This could very well become a reality should amendments to the Administrative Adjunction of Road Traffic Offences (Aarto) Act be adopted by Parliament.
The Aarto Bill has already been passed in the National Assembly and is currently being considered by members of the National Council of Provinces (NCOP).
According to Rudie Heyneke, portfolio manager for transport at lobby group Organisation Undoing Tax Abuse (Outa), among some of the key amendments is a proposal that e-toll signs at gantries be adhered to like other road traffic signs.
READ MORE: How Gauteng motorists have crippled Sanral
Regulation currently stipulates that drivers who fall foul of road sign rules be punished with a R500 fine. In addition, motorists will also have one demerit point docked for every offence committed.
“Imagine driving from Pretoria to Johannesburg and you pass five gantries on a return trip, which is already 10 demerit points. If you drive that road twice in one week, your license could be suspended,” he said in an interview with The Star.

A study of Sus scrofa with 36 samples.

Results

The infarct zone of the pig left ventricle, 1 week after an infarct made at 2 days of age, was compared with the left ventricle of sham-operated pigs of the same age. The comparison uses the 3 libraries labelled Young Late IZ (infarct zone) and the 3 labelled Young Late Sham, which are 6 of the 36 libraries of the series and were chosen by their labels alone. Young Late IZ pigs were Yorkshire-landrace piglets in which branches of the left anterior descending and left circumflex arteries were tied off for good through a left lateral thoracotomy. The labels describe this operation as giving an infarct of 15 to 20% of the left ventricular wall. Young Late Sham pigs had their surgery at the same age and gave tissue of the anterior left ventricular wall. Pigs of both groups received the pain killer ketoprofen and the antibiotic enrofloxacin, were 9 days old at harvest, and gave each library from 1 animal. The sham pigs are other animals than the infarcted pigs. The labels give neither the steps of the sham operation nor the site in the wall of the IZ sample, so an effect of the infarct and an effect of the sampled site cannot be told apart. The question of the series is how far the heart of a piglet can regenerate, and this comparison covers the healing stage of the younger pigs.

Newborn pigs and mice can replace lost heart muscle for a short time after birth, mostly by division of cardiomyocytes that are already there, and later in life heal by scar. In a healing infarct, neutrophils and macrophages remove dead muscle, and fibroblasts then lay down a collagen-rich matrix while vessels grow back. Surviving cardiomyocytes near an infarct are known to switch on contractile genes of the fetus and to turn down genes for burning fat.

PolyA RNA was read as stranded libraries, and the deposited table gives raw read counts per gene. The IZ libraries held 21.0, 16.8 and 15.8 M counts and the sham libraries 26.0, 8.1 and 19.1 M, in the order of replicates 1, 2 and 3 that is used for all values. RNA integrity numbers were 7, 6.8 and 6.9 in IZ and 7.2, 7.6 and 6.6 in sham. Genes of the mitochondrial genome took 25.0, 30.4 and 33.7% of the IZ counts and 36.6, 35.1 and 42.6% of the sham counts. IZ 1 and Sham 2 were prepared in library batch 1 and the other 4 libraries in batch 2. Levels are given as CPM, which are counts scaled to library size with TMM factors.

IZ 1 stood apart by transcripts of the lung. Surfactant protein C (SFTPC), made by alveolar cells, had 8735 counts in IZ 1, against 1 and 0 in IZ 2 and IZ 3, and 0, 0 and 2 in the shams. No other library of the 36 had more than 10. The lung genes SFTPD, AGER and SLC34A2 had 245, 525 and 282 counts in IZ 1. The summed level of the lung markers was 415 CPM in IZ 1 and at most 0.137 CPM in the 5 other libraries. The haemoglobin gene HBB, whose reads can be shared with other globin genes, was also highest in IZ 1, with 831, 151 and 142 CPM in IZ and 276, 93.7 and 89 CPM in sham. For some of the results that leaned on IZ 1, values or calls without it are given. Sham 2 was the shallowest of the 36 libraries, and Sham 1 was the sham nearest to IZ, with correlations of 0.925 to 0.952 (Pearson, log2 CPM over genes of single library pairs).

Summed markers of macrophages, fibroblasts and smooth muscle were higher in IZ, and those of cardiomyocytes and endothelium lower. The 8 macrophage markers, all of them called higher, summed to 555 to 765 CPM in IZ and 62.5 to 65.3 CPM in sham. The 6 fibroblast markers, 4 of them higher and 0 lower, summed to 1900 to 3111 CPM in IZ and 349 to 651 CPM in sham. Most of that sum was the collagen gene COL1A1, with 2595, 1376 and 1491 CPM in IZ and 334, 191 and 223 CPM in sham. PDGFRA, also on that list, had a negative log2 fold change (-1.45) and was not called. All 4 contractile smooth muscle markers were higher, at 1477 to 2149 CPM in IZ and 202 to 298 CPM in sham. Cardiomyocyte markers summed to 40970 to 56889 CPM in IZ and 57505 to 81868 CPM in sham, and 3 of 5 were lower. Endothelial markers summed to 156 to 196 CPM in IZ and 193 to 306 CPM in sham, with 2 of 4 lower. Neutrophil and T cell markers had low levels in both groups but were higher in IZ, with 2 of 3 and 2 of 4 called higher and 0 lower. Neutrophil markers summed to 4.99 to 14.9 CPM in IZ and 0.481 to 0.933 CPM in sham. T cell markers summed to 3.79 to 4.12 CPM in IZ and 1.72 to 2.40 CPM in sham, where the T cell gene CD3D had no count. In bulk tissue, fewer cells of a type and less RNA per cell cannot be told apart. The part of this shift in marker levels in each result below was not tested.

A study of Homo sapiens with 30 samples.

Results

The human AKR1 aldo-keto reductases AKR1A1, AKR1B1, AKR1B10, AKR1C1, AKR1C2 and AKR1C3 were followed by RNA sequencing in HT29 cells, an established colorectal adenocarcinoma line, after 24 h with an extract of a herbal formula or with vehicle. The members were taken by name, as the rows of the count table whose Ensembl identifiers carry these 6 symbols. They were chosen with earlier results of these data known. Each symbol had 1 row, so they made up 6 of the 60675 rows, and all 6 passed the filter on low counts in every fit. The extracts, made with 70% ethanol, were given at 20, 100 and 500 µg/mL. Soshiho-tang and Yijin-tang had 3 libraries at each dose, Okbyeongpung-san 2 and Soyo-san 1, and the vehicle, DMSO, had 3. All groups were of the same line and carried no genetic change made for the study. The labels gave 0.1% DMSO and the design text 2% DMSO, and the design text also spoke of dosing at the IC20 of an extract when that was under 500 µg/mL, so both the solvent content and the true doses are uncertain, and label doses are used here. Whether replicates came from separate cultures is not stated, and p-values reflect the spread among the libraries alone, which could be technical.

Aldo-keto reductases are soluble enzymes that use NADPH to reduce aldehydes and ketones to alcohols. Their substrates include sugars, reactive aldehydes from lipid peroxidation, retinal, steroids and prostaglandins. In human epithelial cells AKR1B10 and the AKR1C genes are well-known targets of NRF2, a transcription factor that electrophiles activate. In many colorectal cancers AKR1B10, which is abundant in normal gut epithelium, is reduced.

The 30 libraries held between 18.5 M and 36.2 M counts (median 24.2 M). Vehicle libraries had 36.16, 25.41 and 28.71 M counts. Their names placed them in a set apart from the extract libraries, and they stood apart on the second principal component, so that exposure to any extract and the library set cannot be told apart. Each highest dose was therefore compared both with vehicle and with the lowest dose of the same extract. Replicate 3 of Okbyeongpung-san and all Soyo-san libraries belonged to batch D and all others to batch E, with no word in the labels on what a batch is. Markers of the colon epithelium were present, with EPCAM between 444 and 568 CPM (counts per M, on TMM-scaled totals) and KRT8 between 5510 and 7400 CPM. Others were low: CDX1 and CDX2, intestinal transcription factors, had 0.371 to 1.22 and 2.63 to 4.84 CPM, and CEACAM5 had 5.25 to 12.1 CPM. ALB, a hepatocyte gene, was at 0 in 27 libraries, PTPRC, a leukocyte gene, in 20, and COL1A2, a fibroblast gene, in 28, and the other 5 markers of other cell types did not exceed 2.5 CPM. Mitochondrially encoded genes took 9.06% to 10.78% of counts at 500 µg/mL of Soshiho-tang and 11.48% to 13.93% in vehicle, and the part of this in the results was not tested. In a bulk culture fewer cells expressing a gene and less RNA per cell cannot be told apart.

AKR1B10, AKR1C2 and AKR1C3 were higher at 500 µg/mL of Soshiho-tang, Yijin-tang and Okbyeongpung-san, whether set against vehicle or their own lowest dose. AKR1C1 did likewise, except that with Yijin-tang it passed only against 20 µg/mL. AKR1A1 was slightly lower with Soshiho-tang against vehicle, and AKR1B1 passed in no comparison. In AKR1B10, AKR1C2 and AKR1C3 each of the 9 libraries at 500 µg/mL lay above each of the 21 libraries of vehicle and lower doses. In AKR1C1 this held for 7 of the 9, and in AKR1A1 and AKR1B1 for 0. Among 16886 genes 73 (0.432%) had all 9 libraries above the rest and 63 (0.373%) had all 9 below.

Public hearings around the suggested changes have already been held in six provinces and after consultation with the remaining provinces, the Aarto Amendment Bill will be tabled and debated at the NCOP and potentially be passed.
Tens of thousands of Gauteng motorists remain committed to a civil disobedience campaign, as frustrated residents seek to have the unpopular system scrapped altogether.
At last count, the SA National Roads Agency Limited’s (Sanral) lost a whopping R3,6 billion in revenue from outstanding e-toll fees during the past financial year, with no signs of the driver rebellion ceasing anytime soon.
Just this week, Gauteng Premier David Makhura conceded that the e-tolling system in the province had failed spectacularly, saying he was engaging with President Cyril Ramaphosa to come up with a more sustainable way to raise money for the upkeep of Gauteng highways.
While the issue remains in limbo, Justice Project South Africa Chairman Howard Dembovsky says it’s likely that provisions within the existing Aarto Act as well as the Bill will fail to pass constitutional muster.
Here are two of the key amendments to the Aarto Bill:
- Before where an alleged infringer who believed they weren’t guilty of the offence would have the option to have the matter tried in court, changes will mean that motorists will only be able to make written submissions to the Road Traffic Infringement Agency (RTIA). Should your submissions fail, the matter can be taken on appeal with the Tribunal, but it must be lodged within 30 days of the traffic infringement.
- Fines will no longer be issued via post and will be sent electronically to your inbox so the onus rests on drivers to check for fine notifications.